Don't peek at my code! Isn't Arduino open-source?
I'm in the same boat, having done programming back in the day for batch jobs in SAS and FORTRAN, and in assembly and BASIC. I'm finding Arduino an easy platform to finally get started on some DIY projects without having to invest megabucks into development tools. Hats off to the Arduino community.
"I agree and disagree"
Way to sit on the fence (grin). It's like that Charles Dickens' book that starts "It was the best of times, it was the worst of times, it was the age of wisdom, it was the age of foolishness, it was the epoch of belief, it was the epoch of incredulity, it was the season of Light, it was the season of Darkness, it was the spring of hope, it was the winter of despair..."
I thought to myself, if he can't make up his mind on the first sentence, what's the rest of the book going to be like?
I agree and disagree. I agree that many developers working with high level languages don't understand the low level details. Abstraction of the low level details is the entire point of a high level language. Languages like C have come a long way in their optimization. If the compiler is not generating efficient code, then I would say that the deficiency lies in the compiler and/or hardware rather than the developer. That is not to say that the compiler or hardware are sub par, only that the industry itself is still quite young. I would rather see developers focus on sensors, transducers, and interfacing with the physical world, while relying on the microcontroller (and associated compilers) to Just Work (TM).
Enjoy your articles. If you're interested in additional resources, I have a book published by Apress on building cool projects with the Arduino titled, Learn Electronics with Arduino. The book doesn't teach basic theory of electronics but the concepts such as Physical Computing, Mechatronics, and little Systems Engineering philosophy using the microcontroller platform as a hands-on teaching tool. Basic electromechanical and electronic components like transistors (BJT and MOSFETs), flyback diodes, relays, 7 segment LED displays, LCDs, and servo motors are discussed in the book. Each chapter has a wealth of projects along with Arudino sketches to explore the cool electronics prototyping platform. Here's an Amazon link to the book. http://www.amazon.com/Learn-Electronics-Arduino-Technology-Action/dp/1430242663/ref=sr_1_1?ie=UTF8&qid=1360357486&sr=8-1&keywords=Learn+Electronics+with+Arduino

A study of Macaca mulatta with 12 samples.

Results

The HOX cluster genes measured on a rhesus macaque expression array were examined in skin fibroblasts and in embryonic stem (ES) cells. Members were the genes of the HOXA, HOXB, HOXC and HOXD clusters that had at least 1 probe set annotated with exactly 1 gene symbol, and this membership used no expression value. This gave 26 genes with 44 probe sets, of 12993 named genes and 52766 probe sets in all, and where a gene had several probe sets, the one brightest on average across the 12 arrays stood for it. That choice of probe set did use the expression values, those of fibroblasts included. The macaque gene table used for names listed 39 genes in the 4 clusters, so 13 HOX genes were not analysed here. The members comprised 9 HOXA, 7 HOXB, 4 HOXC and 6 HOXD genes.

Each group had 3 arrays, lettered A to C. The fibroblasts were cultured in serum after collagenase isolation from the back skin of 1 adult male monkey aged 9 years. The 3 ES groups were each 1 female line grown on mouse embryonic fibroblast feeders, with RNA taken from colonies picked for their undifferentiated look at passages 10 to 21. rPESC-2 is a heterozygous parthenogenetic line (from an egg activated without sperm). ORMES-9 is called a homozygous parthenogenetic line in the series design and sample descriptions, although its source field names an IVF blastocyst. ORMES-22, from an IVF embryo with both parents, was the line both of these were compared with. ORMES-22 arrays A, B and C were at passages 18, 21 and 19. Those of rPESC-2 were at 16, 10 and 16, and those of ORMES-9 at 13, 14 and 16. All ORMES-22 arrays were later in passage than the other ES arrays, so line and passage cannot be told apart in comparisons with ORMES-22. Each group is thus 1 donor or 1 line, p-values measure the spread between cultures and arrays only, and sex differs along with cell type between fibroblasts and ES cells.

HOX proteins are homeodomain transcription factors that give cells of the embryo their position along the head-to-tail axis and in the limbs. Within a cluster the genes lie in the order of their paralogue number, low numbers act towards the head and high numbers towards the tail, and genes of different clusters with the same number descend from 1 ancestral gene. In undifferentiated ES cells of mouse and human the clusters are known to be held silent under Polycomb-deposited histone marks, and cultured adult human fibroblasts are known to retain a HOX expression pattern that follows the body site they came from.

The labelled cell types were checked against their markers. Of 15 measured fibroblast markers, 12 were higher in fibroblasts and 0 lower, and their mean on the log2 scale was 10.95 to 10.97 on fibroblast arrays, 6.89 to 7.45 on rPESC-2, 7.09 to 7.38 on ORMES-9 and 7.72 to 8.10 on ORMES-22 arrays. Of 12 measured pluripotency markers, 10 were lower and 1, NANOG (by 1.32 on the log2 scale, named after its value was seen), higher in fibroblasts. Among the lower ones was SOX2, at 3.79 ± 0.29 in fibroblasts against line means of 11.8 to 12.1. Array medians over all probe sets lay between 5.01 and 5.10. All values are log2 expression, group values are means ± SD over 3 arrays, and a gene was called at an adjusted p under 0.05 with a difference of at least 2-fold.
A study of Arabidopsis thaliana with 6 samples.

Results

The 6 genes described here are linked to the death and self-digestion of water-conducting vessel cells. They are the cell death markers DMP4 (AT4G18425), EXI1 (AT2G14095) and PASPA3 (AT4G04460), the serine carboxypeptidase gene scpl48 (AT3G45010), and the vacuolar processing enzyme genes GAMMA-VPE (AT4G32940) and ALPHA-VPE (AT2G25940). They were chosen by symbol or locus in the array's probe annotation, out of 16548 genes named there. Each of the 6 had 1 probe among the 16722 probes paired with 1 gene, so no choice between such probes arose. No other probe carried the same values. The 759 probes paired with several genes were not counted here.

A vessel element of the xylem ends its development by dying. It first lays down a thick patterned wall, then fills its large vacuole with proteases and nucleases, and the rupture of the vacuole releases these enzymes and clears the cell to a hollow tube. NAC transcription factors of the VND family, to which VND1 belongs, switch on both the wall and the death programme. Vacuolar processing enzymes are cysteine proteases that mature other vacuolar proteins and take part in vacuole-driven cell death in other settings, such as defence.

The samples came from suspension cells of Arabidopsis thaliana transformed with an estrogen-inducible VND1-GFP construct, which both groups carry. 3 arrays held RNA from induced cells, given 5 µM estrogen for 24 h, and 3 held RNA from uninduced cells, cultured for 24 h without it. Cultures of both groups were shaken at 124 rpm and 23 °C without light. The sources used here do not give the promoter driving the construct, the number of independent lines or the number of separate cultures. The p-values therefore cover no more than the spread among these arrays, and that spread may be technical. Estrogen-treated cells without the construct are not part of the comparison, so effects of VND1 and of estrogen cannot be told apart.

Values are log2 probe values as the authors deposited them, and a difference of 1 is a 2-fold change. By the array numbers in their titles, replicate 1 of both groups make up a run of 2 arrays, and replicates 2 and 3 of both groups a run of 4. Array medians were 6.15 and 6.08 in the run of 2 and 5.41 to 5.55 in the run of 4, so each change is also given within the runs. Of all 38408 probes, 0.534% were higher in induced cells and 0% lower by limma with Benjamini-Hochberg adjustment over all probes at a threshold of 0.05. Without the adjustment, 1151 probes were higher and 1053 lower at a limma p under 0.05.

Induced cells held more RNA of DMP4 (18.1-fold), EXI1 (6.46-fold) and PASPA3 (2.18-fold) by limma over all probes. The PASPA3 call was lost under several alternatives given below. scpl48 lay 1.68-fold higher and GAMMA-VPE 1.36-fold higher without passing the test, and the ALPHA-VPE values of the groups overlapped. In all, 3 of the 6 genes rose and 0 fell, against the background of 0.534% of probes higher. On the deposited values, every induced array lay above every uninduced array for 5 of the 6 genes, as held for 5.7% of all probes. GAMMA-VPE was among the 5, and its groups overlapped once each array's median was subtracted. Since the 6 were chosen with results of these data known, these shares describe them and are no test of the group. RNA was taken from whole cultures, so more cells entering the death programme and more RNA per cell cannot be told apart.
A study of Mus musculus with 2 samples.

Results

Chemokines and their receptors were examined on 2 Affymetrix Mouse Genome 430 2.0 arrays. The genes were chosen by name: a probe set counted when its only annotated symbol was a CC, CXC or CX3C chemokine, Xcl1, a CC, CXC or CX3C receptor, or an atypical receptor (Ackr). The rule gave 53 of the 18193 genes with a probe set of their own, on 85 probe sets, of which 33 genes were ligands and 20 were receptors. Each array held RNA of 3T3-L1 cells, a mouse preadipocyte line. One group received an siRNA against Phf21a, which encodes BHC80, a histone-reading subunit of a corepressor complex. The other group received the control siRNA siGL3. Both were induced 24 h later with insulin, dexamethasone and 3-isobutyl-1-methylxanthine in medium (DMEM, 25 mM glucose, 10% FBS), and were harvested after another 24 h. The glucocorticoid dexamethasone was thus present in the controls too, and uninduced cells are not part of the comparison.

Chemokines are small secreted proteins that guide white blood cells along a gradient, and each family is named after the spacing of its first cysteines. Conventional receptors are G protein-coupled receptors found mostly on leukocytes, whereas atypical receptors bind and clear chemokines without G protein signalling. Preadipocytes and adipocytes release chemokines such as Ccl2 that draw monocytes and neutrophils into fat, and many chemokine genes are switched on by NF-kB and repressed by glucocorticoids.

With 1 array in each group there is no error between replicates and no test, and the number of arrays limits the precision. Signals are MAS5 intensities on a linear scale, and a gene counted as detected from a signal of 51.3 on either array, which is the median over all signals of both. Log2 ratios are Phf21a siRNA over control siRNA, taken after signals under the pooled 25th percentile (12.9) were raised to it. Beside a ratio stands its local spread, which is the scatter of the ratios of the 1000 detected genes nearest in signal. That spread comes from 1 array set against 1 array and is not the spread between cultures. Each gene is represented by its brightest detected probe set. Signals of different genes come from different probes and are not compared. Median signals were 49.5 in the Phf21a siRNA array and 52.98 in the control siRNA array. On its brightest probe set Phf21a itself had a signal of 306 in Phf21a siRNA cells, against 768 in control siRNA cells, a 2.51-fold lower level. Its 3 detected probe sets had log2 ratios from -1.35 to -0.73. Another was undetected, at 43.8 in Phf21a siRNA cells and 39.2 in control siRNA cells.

The SparkFun folks are great. They have a very high level of customer service and a refreshing attitude.
I recently jumped into the Arduino world myself with the same concerns about it's capabilities. My conclusion is that it depends on what you want to use it for. I've found good use in learning how to use new sensors, like my GPS or IMU.
The Arduino has libraries for a huge number of peripherals and getting something like my GPS up and running is very quick. I can get familiar with the ins and outs of the sensor before putting a large investment in software for a lower level MCU.
I'd also put the mbed in this same camp. The mbed is more capable than the Arduino, and not that far off in cost now. The mbed also has quite a few libraries available.
What are the engineering and design challenges in creating successful IoT devices? These devices are usually small, resource-constrained electronics designed to sense, collect, send, and/or interpret data. Some of the devices need to be smart enough to act upon data in real time, 24/7. Are the design challenges the same as with embedded systems, but with a little developer- and IT-skills added in? What do engineers need to know? Rick Merritt talks with two experts about the tools and best options for designing IoT devices in 2016. Specifically the guests will discuss sensors, security, and lessons from IoT deployments.